I’m not a mother. I do not know if I will ever be a mother. In high school and college, I nannied and volunteered at a local preschool. In my nascent fascination with human psychology, I poured through parenting books, determined to understand myself and my family’s dynamic.
I am neither vehemently convinced I will mother a child, nor determined not to. I simply do not know. I am, as they say, on the fence.
Some friends have discouraged me from it. “I love my kid, but it is so hard. Don’t do it. Honestly, don’t do it.” Others respond with, “but you’d be such a great mother!”
Everyone, it seems, is invested. Everyone has an opinion. Even though I am currently single.
“Oh you’ll meet someone and change your mind,” is the other response I get.
Maybe. Maybe not. I do not know. I’m comfortable not knowing. I find it a relief. All I know is that it isn’t up for public consumption or debate. Having a child, raising a child is an extremely personal decision. I have wrestled with my own childhood forever. And although I am no longer angry with my parents, I am not sure it’s something I want to revisit. Should I choose to, I know I will give it everything I have. But it’s a giant commitment and I know that.
Does that make me a monster? Or a selfish human being? I don’t think so. I think it makes me human.
It also makes me a target for projection. Any response other than “you’ll know what’s right for you” is a projection. It has nothing to do with me and everything to do with the person spouting their opinion.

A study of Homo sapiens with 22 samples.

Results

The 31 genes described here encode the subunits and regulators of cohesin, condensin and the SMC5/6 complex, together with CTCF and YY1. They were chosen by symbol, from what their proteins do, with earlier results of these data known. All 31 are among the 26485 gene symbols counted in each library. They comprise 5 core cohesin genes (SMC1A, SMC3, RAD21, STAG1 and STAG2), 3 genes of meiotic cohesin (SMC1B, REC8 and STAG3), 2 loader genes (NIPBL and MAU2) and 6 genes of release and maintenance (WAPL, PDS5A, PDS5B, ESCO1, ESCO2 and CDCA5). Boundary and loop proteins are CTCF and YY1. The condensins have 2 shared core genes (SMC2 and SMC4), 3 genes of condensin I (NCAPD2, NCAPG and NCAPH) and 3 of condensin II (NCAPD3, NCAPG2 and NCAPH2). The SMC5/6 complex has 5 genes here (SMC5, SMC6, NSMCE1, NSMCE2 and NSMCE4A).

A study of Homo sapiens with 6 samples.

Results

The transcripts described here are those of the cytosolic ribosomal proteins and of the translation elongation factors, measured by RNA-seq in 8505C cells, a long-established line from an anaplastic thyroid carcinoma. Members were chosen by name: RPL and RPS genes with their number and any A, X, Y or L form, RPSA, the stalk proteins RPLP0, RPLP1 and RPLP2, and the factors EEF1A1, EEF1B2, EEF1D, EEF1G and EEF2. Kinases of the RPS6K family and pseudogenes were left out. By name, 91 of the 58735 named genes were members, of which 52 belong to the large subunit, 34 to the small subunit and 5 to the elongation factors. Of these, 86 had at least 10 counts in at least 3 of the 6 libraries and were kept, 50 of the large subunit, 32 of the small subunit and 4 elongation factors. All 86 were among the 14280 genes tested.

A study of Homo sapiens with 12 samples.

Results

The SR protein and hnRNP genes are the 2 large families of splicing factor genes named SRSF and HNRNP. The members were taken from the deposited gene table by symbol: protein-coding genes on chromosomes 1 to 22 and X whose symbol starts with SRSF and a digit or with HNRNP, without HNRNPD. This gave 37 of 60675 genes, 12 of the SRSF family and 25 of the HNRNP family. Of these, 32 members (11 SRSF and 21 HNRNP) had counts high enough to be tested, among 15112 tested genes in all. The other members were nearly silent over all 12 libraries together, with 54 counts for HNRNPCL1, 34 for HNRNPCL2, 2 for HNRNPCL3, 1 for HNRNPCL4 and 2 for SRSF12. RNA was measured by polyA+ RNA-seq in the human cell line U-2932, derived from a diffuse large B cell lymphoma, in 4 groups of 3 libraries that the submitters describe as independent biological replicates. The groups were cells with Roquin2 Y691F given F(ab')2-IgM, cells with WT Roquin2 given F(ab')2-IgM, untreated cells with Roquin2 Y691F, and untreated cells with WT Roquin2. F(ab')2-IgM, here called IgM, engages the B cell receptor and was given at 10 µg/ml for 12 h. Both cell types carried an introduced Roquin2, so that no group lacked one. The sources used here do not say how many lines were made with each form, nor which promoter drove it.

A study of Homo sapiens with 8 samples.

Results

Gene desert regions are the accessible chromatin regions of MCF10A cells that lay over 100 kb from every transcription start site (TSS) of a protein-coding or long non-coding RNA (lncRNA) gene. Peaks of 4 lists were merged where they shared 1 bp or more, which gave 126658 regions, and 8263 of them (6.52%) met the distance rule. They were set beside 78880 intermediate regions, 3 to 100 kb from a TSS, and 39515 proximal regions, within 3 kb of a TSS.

To be a mother is to love and nurture. So why is it that I see a culture of mothers doing anything but nurturing other women, myself included?
“I just birthed a book,” a friend recently shared, laughing. But there is a truth there and it made me think about birthing and mothering in general.
If we stepped back, we would see that the process of creation, whether that of a human being, a business, a project or a creative endeavor is a universal experience. And it could very well unite us. We could use the same energy we’re using to divide us, to support one another.
Because the judgment and ridicule has gotten out of hand. We’re tearing each other apart and for what? To be a mother is to love unconditionally, to give of oneself, to support and nourish. The irony is that by ripping other women apart for their choices, we’re actually working against our instincts. As women, we thrive in community and we all benefit from having a diverse set of women in our midst.
As a single, childless woman, I can actually support and hold space for my friends who are mothers. I can babysit their children so they can enjoy a night out. I can be a helping hand and loving source of support, without my own child tugging at my knee.
Even if that weren’t the case, if I didn’t love children, would I be wrong?
Wherever you fall on the spectrum, whether you’re happiest at home with 6 children or got your tubes tied at 25, you’re entitled to your experience.
Artwork by Michelle Favin of Whys LA for Poppy & Seed. Connect with her @whyslosangeles.